Appetite for risk boosts pre-construction debt availability

US public agencies aiming to pass off price escalation risk during construction are increasingly looking towards P3s, according to S&P.

Growth in US public-private partnerships has helped spur robust project finance rating activity, a recent report from S&P Global Ratings concluded.

The industry report card, which reviewed 241 public project finance entities rated by the agency, points to new projects and a wave of refinancing of P3s originating around the time of the global financial crisis as being among the factors driving the increased activity. The way such projects are financed has also changed, according to S&P.

“While historically, PPP projects have often used bank loans to fund construction and then looked to the long-term debt market after substantial completion, we’ve seen an increase in the number of projects that issue long-term debt before construction begins,” the report stated. “This trend seems to indicate that investors have become more comfortable with construction risk.”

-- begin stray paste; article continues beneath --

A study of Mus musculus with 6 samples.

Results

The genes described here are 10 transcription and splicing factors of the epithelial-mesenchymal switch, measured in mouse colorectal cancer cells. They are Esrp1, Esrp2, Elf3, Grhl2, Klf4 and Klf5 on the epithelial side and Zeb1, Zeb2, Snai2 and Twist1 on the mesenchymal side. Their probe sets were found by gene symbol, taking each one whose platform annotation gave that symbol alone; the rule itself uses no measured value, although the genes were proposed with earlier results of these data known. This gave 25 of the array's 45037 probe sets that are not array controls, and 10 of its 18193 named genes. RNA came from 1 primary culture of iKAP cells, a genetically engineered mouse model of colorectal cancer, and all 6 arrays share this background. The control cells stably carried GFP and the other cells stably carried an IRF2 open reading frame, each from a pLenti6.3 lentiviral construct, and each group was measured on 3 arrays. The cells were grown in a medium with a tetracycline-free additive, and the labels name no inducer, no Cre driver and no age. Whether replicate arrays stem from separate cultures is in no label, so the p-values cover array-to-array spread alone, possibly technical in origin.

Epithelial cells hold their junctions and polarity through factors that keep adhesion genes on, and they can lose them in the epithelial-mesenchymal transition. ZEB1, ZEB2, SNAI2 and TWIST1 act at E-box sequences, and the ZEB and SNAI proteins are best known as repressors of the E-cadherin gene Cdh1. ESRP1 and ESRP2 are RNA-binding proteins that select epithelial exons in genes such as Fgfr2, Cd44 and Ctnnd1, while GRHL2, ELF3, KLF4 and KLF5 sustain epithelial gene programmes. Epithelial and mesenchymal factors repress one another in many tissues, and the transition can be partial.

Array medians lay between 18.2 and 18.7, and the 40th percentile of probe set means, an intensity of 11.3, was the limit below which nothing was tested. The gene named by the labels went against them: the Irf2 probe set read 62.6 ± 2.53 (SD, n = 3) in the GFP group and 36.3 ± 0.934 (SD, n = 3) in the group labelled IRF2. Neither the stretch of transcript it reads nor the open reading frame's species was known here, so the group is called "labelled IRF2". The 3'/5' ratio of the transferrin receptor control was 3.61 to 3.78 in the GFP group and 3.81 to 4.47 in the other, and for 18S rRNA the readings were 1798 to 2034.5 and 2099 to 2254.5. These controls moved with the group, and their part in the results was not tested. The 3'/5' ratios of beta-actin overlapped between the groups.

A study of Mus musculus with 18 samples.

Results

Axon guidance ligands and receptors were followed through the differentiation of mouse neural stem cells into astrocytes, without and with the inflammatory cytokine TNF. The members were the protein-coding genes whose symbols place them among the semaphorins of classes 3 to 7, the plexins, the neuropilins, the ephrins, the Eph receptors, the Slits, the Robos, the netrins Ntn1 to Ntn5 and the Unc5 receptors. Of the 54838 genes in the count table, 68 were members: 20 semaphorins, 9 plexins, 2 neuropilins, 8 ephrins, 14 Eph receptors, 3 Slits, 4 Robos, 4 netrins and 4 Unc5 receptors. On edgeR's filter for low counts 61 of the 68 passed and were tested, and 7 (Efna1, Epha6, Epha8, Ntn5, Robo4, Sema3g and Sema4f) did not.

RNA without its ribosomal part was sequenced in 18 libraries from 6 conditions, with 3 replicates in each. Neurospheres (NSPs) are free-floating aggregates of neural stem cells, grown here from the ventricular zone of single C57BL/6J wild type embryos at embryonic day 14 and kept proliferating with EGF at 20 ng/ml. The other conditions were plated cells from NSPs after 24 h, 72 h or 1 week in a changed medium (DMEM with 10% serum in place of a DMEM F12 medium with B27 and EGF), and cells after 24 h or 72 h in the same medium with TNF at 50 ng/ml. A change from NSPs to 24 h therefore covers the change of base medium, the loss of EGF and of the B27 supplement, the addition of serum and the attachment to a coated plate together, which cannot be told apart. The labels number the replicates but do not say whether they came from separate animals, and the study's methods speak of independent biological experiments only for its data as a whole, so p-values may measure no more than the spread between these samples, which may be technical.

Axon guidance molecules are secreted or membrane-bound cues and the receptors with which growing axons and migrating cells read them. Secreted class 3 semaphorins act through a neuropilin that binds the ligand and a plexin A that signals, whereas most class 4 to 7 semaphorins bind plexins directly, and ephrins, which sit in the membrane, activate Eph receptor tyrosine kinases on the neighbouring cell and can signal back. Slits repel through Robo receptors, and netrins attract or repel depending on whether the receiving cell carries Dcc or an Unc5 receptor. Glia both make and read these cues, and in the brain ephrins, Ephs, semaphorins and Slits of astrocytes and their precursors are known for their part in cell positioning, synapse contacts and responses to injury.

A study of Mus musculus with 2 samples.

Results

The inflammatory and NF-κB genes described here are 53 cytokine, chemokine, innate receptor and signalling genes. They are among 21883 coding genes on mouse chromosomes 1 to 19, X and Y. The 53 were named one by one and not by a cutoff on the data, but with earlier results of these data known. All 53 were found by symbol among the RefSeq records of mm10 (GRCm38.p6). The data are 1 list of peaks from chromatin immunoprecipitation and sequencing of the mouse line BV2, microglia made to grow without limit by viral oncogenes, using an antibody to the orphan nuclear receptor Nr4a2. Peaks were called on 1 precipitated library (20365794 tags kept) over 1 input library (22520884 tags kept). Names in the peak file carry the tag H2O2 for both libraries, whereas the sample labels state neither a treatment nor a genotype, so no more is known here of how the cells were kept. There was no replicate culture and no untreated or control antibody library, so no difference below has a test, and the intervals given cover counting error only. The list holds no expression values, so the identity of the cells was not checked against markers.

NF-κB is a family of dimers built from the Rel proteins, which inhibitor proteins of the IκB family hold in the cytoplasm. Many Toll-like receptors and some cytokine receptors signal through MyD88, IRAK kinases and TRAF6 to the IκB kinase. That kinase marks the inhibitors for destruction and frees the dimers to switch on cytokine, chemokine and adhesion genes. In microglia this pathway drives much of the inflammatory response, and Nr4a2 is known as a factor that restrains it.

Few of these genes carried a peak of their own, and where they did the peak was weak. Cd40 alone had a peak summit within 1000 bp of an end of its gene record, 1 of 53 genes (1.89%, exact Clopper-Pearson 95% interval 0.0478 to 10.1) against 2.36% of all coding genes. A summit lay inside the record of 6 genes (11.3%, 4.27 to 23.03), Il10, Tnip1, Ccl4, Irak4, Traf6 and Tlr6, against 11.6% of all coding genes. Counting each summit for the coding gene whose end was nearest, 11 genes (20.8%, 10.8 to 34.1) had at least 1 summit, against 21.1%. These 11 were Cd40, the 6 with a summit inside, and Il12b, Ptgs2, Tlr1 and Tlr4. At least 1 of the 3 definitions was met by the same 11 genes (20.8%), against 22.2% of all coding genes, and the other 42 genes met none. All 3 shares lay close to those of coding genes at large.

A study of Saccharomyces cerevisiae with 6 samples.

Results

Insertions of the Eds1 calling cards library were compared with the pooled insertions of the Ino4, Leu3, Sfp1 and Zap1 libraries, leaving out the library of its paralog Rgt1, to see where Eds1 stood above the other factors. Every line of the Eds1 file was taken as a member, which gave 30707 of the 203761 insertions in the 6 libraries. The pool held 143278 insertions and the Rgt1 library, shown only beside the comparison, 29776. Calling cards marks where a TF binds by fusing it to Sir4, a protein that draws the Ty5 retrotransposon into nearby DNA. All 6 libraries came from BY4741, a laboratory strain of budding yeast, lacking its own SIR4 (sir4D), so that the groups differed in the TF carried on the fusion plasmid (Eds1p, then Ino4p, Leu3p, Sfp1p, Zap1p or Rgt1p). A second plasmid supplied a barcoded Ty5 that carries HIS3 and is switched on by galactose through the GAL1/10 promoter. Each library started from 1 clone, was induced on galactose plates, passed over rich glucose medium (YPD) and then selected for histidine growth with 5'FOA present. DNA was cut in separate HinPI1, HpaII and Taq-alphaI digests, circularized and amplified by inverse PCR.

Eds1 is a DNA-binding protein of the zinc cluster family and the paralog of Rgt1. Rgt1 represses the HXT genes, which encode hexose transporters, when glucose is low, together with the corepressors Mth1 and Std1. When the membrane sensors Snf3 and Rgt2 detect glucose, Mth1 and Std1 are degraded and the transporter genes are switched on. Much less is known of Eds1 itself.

Tax-exempt debt and programmes such as TIFIA, through which the federal government helps finance infrastructure projects, have led investors to the infrastructure sector. Ben Macdonald, who authored the report, said governments aiming to pass off price escalation risk during construction have increasingly looked towards P3s and have found abundant capital available.

“When some of these deals have been refinanced, we see that they are oversubscribed multiple times,” Macdonald told Infrastructure Investor. “So there is certainly demand there for this type of asset.”

The US and Canada comprise about half the projects reviewed in the report. Europe, the study noted, has seen significant activity in the renewable sector while in the Middle East, activity has primarily been in the solar, desalination, power generation and gas liquefaction sectors.